Thanks to Andre Villas-Boas' entirely sensible of giving his older players time off between matches, Frank Lampard has been the subject of many a story over the past few days. The midfielder didn't start against Fulham in the Carling Cup. He only lasted a half at Manchester United. He was (shock! horror!) an unused substitute against Swansea City, and was accused of throwing a tantrum and leaving the bench once Josh McEachran was called into the game as Villas-Boas' third and final change.
I think anyone familiar with Lampard at all found that story rather implausible, and he's confirmed that himself, acting in perfectly professional fashion while myopic journalists are busy wetting themselves for some controversy. Not even Fernando Torres' red card (or, more pertinently, Carlos Tevez's very real issues at Manchester City) have kept the media off Lampard's back, and now that the England midfielder's been reinstated to the side, scoring a hat-trick today, the story is about how he wanted to prove his doubters wrong.
That's stupid. Here's the story: Frank Lampard is still a very good player and can and will continue to contribute to Chelsea despite his relatively advanced age.
The first two matches of the season aside, Lampard has been excellent. He hasn't been scoring as many goals, but he's taking on a more mature role as a deeper-lying midfielder, using his experience to help command games and letting the likes of Torres and Juan Mata try to open the opposition up. That's not the mark of a player in terminal decline; it's showing that he's adapting to the needs of the team. Should he be playing all the time? Of course not - the man is 33 year old, after all - but he's still a very worthy player to have on the roster.
Now that Lampard has shown he can adapt to the new Chelsea, he's also demonstrated that he's a very potent force in the Blues' old configuration. It's no secret that Didier Drogba and Frank Lampard have historically formed one of the most dangerous attacking axes in the Premier League, and the old guard was on display here. Drogba drags defenders away (I think accusations of Drogba having a poor game, incidentally, are probably off the mark - his off-ball movement was excellent), Lampard comes in behind and mops up. Twice that old partnership was displayed, with beautiful team efforts that were only possible thanks to the holes Drogba opened up.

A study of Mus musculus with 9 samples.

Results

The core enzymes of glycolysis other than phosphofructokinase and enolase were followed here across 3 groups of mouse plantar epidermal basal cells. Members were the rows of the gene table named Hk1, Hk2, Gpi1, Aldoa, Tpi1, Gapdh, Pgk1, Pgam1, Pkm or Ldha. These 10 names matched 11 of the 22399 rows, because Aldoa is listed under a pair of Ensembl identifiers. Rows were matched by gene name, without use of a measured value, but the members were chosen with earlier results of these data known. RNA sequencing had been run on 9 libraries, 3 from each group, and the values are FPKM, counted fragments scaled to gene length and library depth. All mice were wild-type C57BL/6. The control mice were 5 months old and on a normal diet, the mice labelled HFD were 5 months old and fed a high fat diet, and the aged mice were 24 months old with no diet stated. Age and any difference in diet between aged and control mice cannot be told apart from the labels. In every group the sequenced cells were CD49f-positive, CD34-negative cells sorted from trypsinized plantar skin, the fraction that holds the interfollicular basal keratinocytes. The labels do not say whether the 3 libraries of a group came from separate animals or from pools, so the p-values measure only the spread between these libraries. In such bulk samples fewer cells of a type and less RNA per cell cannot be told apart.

Obviously, when you score a hat-trick, people tend to look more favourably on your performances. Lampard's known for his goalscoring, and therefore goals will be how he's measured. That's great, to a point, but it's worth taking a deeper look at the vice captain. The story here is that he's a versatile midfielder who can and will do whatever the manager asks of him. If he needs to play deep for the good of the team, he's happy to. If he needs to be the main goal threat, he can still do it as well. The only thing he can't do is play week in, week out like he's used to. That's no crime, and Chelsea are taking steps to mitigate that problem.
The idea that those steps might constitute a crisis of faith in the midfielder is laughable, as is the idea that Lampard - who now has an excellent shot of ending his career as the club's all-time highest scorer - somehow needed to prove himself again. He's fine. Chelsea are fine. If that's true, it's pretty clear where the problem actually lies.